National learnings from external review of Hawke’s Bay sterilisation incident

Findings from the external review of the sterilisation incident at Hawke’s Bay Hospital in February has highlighted national learnings and process errors.

Executive director provider services Colin Hutchison said the external review had followed a robust and independent process to establish what had led to one batch of unsterilised equipment being used in Hawke’s Bay Hospitals’ theatres and outpatients clinics, without the proper checks and balances followed.

Dr Hutchison said the investigation highlighted a series of issues that began at the steriliser stage which included; not confirming the steriliser had begun its cycle, cross-checking safety processes and colour changes on equipment pouches that went undetected at all stages.

 “The review has made it clear that no-one person or department can be held accountable for this, as there were many errors across a number of systems and processes.

“While we are pleased the reviewers commended the district health board for its open disclosure of the event, many of the issues would not have occurred if policies and processes had been embedded.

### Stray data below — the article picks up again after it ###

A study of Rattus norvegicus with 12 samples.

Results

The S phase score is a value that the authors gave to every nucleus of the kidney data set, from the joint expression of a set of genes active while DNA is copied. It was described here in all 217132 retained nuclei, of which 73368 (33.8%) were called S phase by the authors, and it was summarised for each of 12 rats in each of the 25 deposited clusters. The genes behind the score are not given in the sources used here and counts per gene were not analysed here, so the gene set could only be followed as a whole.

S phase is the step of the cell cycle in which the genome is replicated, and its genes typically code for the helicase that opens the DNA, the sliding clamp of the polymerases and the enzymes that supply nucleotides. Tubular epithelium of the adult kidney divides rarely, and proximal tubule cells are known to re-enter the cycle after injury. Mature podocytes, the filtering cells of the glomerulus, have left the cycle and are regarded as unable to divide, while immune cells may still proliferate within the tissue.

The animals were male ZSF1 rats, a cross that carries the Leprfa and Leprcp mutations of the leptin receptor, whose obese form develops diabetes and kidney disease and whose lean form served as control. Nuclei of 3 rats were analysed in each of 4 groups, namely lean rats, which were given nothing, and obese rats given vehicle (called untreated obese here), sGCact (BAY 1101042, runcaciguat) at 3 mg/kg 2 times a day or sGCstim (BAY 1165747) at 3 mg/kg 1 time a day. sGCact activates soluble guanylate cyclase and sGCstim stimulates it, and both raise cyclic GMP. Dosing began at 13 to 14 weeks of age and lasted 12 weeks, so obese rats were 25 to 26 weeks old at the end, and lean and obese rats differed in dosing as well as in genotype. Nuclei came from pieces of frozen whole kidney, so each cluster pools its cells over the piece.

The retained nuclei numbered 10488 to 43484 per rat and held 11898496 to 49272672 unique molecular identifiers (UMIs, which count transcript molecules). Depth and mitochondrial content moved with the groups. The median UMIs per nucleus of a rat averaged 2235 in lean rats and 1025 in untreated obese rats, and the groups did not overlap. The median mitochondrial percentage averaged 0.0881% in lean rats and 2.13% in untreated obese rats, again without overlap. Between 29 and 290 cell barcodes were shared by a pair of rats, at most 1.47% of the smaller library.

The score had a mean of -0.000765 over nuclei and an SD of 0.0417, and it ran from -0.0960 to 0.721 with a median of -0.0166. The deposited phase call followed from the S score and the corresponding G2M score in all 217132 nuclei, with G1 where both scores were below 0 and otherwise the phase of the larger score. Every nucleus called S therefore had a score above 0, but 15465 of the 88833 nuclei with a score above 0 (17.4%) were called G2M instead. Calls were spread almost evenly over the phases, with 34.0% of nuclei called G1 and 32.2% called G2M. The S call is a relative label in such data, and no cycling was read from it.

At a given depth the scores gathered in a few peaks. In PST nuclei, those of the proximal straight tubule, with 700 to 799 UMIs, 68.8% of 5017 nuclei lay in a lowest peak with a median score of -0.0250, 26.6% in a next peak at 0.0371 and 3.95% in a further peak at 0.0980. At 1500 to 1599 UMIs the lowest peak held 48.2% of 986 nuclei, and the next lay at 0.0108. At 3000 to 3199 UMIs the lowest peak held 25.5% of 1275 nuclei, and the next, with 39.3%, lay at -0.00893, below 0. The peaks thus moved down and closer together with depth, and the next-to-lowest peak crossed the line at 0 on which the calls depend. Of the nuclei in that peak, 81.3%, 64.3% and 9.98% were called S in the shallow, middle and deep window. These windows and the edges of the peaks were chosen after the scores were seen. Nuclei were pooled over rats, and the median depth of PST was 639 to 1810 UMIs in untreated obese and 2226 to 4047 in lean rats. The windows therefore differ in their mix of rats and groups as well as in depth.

“We have caused distress to the patients affected and we apologise to those people for the anxiety this has caused.”

Since the event Hawke’s Bay DHB immediately instigated a number of changes including; making tape on small pouches much larger so the change in colour couldn’t be missed, replacing a printer and delaying moving into a paperless environment until checks were well embedded.

The DHB will work towards appointing an educator specifically to sterile technician training and professional development as well as system-wide retraining to ensure clinical staff understood and followed all steps and protocols regarding the handling of sterile equipment.

Alongside this the district health board was also in the process of upgrading its electronic tracking system of reusable medical devices, which was due to be completed this month. 

Dr Hutchison said the reviewers had recommended electronic tracking and traceability systems be installed at all sterile units and operating theatres throughout the country as soon as possible, with tracking identifiable to individual instrument level.

The reviewers had also called for this tracking system to be extended out to include all wards and outpatient clinics within 18 months. They have also made national recommendations that sterile services should undergo external auditing in conjunction with robust internal auditing.

“I’d like to thank the many people involved in the review processes, and our staff who have helped support the reviewers by providing information in a free and frank way so learnings both locally and nationally can be made.”

The full external report can be found here.